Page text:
Let’s bust some myths about the coronavirus. 

Despite trending internet searches like the “corona beer virus,” the coronavirus has nothing to do with beer.  Although it’s natural to feel the desire to turn to humour when there are scary or uncomfortable things happening around the world, this virus isn’t a laughing matter. The coronavirus has now killed more than 2,000 people, including eight deaths outside of mainland China. Since the outbreak, it has infected more than 75,000 people, and there are currently over 1,000 cases outside of mainland China.  

COVID-19, otherwise known as the coronavirus 

Before the World Health Organization declared an official name for the disease in early February 2020, COVID-19 was widely referred to as the coronavirus. The coronavirus is an umbrella term that refers to a family of viruses that can cause lethal respiratory disease in humans and mammals. You may have heard about two members of this malicious family, SARS and MERS, which have both caused pandemics in the past. Being a close relative of the notorious two, we shouldn’t underestimate the public health threat that COVID-19 has the potential to pose.  

COVID-19 is transmitted through respiratory droplets from coughing and sneezing over short distances. The recommended precautions against COVID-19 is the same as regular flu: washing your hands frequently, coughing into your sleeve, sanitizing doorknobs et cetera are all vital to disease prevention. For people who have recently traveled to a high-risk area, it is also recommended that they wear a mask to protect others.  

There are still many things unknown about this virus. Like many viral infections, there are currently no vaccines or cures for COVID-19. Once infected, it is a battle between the host immune system and the virus. Those who are younger and healthier tend to win the battle while those who are older or have multiple chronic diseases or conditions tend to lose. As of now, more than 10,000 people have recovered from COVID-19 after receiving their official diagnosis.  

Paranoia vs. reality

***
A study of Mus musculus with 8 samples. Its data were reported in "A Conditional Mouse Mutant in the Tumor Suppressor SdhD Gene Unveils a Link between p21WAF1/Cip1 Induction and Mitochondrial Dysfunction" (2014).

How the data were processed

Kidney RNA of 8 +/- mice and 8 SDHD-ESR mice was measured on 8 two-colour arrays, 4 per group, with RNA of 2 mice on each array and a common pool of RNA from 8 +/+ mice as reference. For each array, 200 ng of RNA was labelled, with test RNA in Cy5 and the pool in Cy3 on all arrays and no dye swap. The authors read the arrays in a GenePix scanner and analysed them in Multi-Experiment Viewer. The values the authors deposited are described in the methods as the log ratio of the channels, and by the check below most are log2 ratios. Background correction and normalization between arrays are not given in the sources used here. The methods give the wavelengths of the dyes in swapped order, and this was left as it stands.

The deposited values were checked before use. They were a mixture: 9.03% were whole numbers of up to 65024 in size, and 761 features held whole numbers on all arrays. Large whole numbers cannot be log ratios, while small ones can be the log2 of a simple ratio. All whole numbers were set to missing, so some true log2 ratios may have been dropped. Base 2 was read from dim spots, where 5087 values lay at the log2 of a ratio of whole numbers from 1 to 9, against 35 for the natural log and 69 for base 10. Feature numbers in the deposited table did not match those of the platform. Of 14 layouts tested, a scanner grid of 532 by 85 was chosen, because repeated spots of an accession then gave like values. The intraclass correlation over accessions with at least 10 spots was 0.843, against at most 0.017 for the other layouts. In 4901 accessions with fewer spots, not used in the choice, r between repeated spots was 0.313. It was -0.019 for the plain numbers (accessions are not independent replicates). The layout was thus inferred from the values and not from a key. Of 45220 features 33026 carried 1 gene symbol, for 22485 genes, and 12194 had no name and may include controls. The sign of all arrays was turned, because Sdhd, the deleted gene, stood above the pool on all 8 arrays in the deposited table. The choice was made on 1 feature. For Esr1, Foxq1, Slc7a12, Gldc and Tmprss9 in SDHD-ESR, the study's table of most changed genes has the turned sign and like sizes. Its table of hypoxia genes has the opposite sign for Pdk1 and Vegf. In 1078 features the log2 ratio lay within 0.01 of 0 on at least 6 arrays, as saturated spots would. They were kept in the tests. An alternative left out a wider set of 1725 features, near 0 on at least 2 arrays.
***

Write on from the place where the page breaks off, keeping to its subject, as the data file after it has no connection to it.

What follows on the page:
That being said, in North America, the recent media frenzy and mass paranoia doesn’t match the reality. Since the virus erupted in Wuhan, China in December 2019, there have been 18 confirmed cases: three in Canada and 15 in the United States, with zero deaths on this whole continent. In the meantime, the influenza virus has insidiously hospitalized and killed thousands this year. While people are obsessed with this mysterious, foreign virus and the epidemic situation thousands of miles away, there is not adequate media coverage about the necessity of getting a flu vaccine. Where is the voice that is addressing the public health issue happening right here, right now? Unfortunately, in healthcare, we are constantly battling with misinformation that distracts the public from the facts.  

Consequently, while the silent killer is mentioned casually here around dinner tables, COVID-19 is demonized, along with Chinese nationals. Over the past month, there has been a dramatic increase in anti-Chinese racism.  

Be cautious, not racist 

During this time of the epidemic, it is prudent to be nervous and take precautions. However, COVID-19 does not justify racism. It is worse than the virus when internet trolls say that this is karma or when racists throw dirty looks at people wearing a mask on public commute, screaming ethnic slurs and telling them to go back to their country. After all, racists never have a valid reason to discriminate, they just need an excuse.  

Hating on the most vulnerable does not give people the solution they need. A visit to the psychiatrist may help as the lack of empathy is pathological. What makes us human is the ability to look beyond the death toll number and see that this dying, suffering population are real people with loved ones, just like you.